We proponents of markets must improve our skills at communication. This improvement involves, among other tasks, getting a better understanding of the presumptions of those with whom we disagree.
One of these presumptions comes out frequently during discussions of regulation. If a market proponent argues against regulation by government, he or she is heard by many on the other side of the political spectrum as arguing against regulation.
The presumption is that only government can regulate, or at least regulate effectively.
All honest disagreements are over the effectiveness of regulation based upon centralized bureaucracies and statutes versus regulation based upon common-law processes and economic competition. Both are methods of regulation. The serious debate is not whether regulation is good or bad – no sane person wants a world without regulation. The serious debate is over the best form of regulation.
I should have done a better job of communicating in my earlier posts in which I argue that the USA can do without the FDA. This blogger  interprets me as opposing regulation. I emphatically support regulation .
But the regulation that I support is not by a centralized bureaucratic agency. The regulation I prefer — because I believe it to be stricter and better for consumers — is the regulation achieved through largely decentralized law-making and enforcement processes – the law of property, contract, tort, and crime – and economic competition.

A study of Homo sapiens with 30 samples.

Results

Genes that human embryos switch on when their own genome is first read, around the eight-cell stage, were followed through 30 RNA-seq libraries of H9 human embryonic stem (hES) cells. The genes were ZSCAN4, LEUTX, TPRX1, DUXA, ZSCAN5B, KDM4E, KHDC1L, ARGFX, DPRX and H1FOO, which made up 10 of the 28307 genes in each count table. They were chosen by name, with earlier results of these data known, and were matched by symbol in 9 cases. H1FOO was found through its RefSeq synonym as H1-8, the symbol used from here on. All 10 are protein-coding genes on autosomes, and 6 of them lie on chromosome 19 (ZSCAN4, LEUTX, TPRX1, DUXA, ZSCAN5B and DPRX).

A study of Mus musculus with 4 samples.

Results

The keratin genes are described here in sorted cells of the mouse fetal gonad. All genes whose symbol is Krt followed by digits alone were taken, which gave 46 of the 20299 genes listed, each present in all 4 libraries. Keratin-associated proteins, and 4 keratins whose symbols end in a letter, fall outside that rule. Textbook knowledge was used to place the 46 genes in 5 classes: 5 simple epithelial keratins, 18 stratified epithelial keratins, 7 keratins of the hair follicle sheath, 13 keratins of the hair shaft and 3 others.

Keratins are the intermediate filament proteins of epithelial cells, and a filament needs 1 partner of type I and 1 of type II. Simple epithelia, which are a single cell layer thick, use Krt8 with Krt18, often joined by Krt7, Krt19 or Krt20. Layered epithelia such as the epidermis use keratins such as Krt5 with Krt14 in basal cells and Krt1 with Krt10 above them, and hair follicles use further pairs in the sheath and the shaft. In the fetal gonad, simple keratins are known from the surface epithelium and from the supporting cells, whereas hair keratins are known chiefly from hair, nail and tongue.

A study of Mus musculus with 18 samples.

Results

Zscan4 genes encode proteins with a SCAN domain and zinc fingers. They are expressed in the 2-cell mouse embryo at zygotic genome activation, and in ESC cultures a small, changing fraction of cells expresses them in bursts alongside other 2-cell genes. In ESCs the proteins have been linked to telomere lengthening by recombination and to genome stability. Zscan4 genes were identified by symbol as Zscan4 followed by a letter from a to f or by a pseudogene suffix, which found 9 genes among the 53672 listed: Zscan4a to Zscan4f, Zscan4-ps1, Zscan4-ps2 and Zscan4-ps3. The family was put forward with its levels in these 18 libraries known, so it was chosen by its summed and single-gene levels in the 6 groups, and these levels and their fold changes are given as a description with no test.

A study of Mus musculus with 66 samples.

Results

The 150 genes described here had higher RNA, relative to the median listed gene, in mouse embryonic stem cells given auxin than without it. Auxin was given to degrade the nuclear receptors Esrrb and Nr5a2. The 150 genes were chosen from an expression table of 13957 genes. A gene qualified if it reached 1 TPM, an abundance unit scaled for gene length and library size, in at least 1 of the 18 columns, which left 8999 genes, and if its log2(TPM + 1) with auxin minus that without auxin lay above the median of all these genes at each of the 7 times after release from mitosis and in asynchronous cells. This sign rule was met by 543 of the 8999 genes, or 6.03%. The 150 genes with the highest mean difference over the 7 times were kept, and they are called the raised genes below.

My opinion (backed by a fair amount of professional study and research) is that government regulators suffer many problems that don’t as severely afflict market regulation. Among these problems are:
– capture by special-interest groups (including not only the regulated industries, but the employees of the regulatory agency, among others);
– inadequate knowledge and incentives to tailor the application of regulations to suit the different needs of different people;
– a displacement of the many nuanced, decentralized private methods for keeping suppliers honest and responsive to the desires of consumers
As Bob Higgs rightly says in his comment  to this post, the FDA’s track record of saving lives is less than inspiring.